What the latest police statistics don’t tell you about murder: iLIVE

25 September 2012 - 12:44 By Kopano Ratele
File photo.
File photo.
Image: Gallo Images/Thinkstock

... the best time to save you from early violent death

There’s no better time to make men aware that many of the behaviours the majority of them tend to associate with true manhood are more likely to lead them to an early death than the delivery room. Use the teachable moment when a man’s wife or girlfriend is giving birth and we might start to see some changes about how men think about life and death.

That’s pretty much the answer I gave to a question I was asked earlier this week. The question was when is the best time to intervene to change and save men from premature violent death early this week after a presentation I did on men, violent death and fear at Stellenbosch University.

I was wrong, of course. I will tell you why in a minute. It has nothing to do with my idealistic, or whipped manhood, or even whitened notions that men ought to enter the labour room.

I am no idealist.

That question is the same one to be kept in mind when reading the 2011-2012 crime statistics released yesterday by the South African Police Services.

The SAPS indicates that 15 609 reported cases of murder were reported for 2011-2012, down from the 15 940 reported for 2010-2011. You don’t need to be a statistician to know that this is a non-significant drop.

Attempted murder is said to have dipped below 15 000, decreasing from 15 493 to 14 859. That too cannot make any government concerned with social well-being happy. If we add the 64 514 total sexual offences reported for 2011-2012, even though it is a decrease from 66 196 for the previous reporting year, all of this makes for depressing news.    

Look, it is clear that we are better off today than we were in 2004-2005 as far the murder, sexual offences, grievous bodily harm, common assault and other crimes figures are concerned. The number of people killed, raped, badly beaten up, or just slapped remain unacceptably high, but they are down from 7 years ago, if the police are to be trusted.

What the police statistics won’t show, if your interest is murder for example, is who is at greatest risk of getting killed? You can infer some things from reading the maps of murder in South Africa. Thus, if you consider Western Cape for instance, your chances of dying a violent death are elevated around Delft, Harare, Nyanga, Mfuleni, Mitchells, Philippi East, and other place nearby these areas, as opposed to Camps Bay, Simon’s Town or Fish Hoek for instance. Tembisa, Katlehong and Kagiso are among the areas that have high rates of murder in Gauteng.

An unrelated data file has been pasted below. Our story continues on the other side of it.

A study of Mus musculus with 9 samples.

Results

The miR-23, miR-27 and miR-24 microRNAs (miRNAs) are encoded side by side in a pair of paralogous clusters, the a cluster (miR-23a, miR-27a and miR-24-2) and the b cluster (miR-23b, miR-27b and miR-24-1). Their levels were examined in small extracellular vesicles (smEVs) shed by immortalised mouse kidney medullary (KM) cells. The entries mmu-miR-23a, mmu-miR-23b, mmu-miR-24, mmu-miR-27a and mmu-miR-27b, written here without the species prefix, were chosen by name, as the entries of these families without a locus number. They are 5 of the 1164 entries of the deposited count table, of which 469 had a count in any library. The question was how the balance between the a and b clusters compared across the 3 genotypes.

What the maps suggest then is that you are endangered if you live in predominantly black and coloured areas, especially if you are in the Western Cape. That is not unknown. 

What you still won’t know though is that dying young from murder is largely a male activity. That understanding comes from the surveillance and research work of the Safety and Peace and Promotion Research Unit at the Medical Research Council and other bodies which has shown a consistent distribution and pattern of violence mortality over the years. The picture is not likely to have changed.

The likelihood is that the majority of the 15 609 bodies reported to be killed are those of young black and coloured men. We know that this is the group whose rates are highest in the country. We know that they start dying in their late teenage years. We know that the most dangerous period to be a young man is the 20s. And, although most men are unaware of the quality of the breathing, we also know that they won’t be out of the dark cloud of death till they get to 50 plus.

This lack of awareness or lack of self-care about how close to death we as men fly each day has absorbed my attention for a while now. That lack of awareness and care contributes to the probability that the country will not bring down the body count to a few hundred in the next year or two. Even then, it may just help to save a few more lives if men were shown how death stalks their days. The problem is much bigger than one of awareness or simple policing though.

But that is not the reason I think I am wrong in how I answered the question after my talk at Stellenbosch. It is also not because the levels of murder in South Africa will be drastically reduced by recruiting more police, shooting criminals and giving them harsher sentences, as opposed to encouraging men to witness the pain and miracle of birth on its own. Some experts have sought to show that we need is not more but better policing, not more guns but preventative interventions.

The best time to intervene to save men from an early violent death is, as someone suggested to me after I had answered, is to intervene even before conception. To save men from an early grave we need to intervene before children are conceived, before sex, before the idea of boyhood and manhood congeal.  

  • Professor Ratele is the head of the Programme on Traditions and Transformation at the ISHS at the University of South Africa. He writes in his personal capacity.